Alice in Wordlessland

Larry Levin


Last week, the world learned that the author Alice Walker refused to allow a new Hebrew edition of her award-winning novel, “The Color Purple,” to be published in Israel. The decision was based on her observation of Israel’s treatment of the Palestinian people, which in a recent statement she labeled as “apartheid.”

Walker is no newbie to the boycott, disinvestment and sanctions (BDS) movement, which seeks to influence change in Israel’s policies through economic and other vehicles. Last year, for instance, she participated in a flotilla that tried, albeit unsuccessfully, to challenge Israel’s blockade of Gaza.


It’s easy to view Walker as another of the many voices who use unnuanced arguments to compare Israel’s actions to those of South Africa during its apartheid regime. But there were voices of objection stemming from a different vein; those who find the notion of literary censorship distasteful and objectionable. They focus in on ways in which refusal to publish can inhibit open and useful discussion, and on whether the kind of censorship Walker is exercising is even legally defensible.

• Neil Macdonald, CBS Senior Washington Correspondent: “What makes me most uncomfortable about the kind of fervent activism that Walker and her fellow travellers advocate is not their boycott. In the end, that is really only an attempt to influence others through suasion, to make a particular personal choice with one’s own money. Rather, it is the fact that they are so certain of themselves that they would blithely consent to stamp out speech.”

• Maya Sela, Literary Correspondent for Haaretz: “I believe Alice Walker’s aspiration, and that of other major cultural figures, should be to have her books read precisely by those people with whose actions and beliefs she does not agree. Walker, of all people, who has confronted racism and has written a powerful fictional critique of it, is preventing Israelis from being exposed to the very kind of literary work that is crucial for them to read. Walker should want her books appearing not only in bookshops and on private bookshelves but she should want her texts to appear on huge billboards along the highways in the state of Israel. For whose edification is she talking about racism and segregation? Is her aim only to preach to the converted, to the liberal masses of Scandinavia? It is precisely here in Israel that her voice needs to be heard, and in Hebrew.”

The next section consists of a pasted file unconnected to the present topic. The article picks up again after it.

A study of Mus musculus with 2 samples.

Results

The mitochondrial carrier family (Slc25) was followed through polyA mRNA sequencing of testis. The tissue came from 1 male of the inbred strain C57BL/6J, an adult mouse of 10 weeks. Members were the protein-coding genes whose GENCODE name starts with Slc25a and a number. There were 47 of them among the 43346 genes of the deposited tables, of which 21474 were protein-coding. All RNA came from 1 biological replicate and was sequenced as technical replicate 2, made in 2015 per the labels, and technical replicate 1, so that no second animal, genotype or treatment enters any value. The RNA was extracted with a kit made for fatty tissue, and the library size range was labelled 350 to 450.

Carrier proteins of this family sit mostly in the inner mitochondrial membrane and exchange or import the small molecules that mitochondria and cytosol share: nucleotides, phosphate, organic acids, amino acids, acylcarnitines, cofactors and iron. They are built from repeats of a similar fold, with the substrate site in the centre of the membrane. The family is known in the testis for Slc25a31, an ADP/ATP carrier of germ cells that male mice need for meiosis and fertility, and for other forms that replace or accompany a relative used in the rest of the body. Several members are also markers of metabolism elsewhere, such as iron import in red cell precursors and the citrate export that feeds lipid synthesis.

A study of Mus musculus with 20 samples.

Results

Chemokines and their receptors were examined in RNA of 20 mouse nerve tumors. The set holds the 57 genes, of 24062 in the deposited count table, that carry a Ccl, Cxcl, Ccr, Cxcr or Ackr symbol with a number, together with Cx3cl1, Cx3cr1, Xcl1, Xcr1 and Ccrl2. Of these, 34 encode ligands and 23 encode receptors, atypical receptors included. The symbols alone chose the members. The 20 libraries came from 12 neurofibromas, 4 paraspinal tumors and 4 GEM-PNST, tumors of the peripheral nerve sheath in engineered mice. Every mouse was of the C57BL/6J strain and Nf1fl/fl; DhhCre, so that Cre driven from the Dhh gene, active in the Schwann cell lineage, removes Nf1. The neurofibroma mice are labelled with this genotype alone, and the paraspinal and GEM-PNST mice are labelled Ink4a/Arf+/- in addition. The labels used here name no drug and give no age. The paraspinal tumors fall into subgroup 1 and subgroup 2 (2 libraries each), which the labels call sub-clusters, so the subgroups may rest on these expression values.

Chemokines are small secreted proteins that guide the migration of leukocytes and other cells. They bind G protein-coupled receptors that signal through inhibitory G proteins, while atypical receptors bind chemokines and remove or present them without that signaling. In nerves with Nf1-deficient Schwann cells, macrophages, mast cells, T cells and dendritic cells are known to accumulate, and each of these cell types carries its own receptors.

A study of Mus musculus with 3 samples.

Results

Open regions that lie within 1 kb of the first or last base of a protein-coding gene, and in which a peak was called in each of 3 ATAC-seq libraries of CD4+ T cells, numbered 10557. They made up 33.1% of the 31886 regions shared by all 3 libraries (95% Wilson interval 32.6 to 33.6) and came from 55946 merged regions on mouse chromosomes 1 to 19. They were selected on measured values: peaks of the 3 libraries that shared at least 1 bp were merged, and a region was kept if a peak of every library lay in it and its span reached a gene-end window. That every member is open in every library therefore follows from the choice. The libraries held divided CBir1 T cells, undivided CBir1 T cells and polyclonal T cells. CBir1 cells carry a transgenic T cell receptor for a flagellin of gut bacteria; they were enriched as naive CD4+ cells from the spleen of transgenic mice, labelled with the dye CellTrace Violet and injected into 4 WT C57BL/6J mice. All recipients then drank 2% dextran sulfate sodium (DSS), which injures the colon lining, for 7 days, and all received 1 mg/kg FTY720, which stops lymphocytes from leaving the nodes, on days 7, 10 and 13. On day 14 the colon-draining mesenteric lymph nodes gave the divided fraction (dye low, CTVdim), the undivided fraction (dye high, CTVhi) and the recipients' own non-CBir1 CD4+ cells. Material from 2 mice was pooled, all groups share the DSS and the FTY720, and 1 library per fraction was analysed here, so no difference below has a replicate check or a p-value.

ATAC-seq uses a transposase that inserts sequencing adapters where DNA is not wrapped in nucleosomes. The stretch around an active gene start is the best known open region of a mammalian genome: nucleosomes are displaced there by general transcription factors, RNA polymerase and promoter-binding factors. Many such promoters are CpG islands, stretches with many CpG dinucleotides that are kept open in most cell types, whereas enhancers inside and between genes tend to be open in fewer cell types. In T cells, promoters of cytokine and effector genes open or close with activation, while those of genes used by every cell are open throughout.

• The noted lawyer Alan Dershowitz (who certainly is an ardent supporter of Israel, though by his own writings open to a wide variety of perspectives), in the Jerusalem Post: “(Walker’s) bigotry against the Jewish state and in support of terrorists knows no bounds. Now she is even prepared to impose censorship of her own writings as a tool in support of terrorism. She should not be permitted to get away with such bigotry. Nor should her actions be seen as morally elevated. The laws of copyright were certainly not designed to encourage or even permit selective censorship based on national origin or religion.”

So three very different takes are presented above: Intellectual arrogance; counterproductive tactics; and censorship in violation of public policy. Interesting that neither of the first two even get to the issue of BDS as a tactic (which we at the Light and I personally continue to eschew as not only a futile method but one that is largely anti-Semitic and largely funded by those with extremist and destructive views toward Israel). Dershowitz obviously shows venom, but his objection to the publishing refusal is based on a legal argument that turns Walker’s objections on their head, namely: How can she discriminate against an entire people by refusing to publish when she is accusing the same people of discriminating against another people?

Walker is no doubt intellectually dishonest in her treatment of the State of Israel. If she held America to the same standard to which she subjects Israel, we wouldn’t be able to read her literature here either (and now many less Jews will do so, for sure).

But even if you don’t care to go that far, one thing’s for darned sure — Israelis who only read Hebrew aren’t going to be swayed by not being able to read her novel. If they were going to be persuaded of her position, which is unlikely to say the least, the only thing that might do the trick would be the words themselves. Words that they cannot now read because of Walker’s self-congratulatory and meaningless boycott.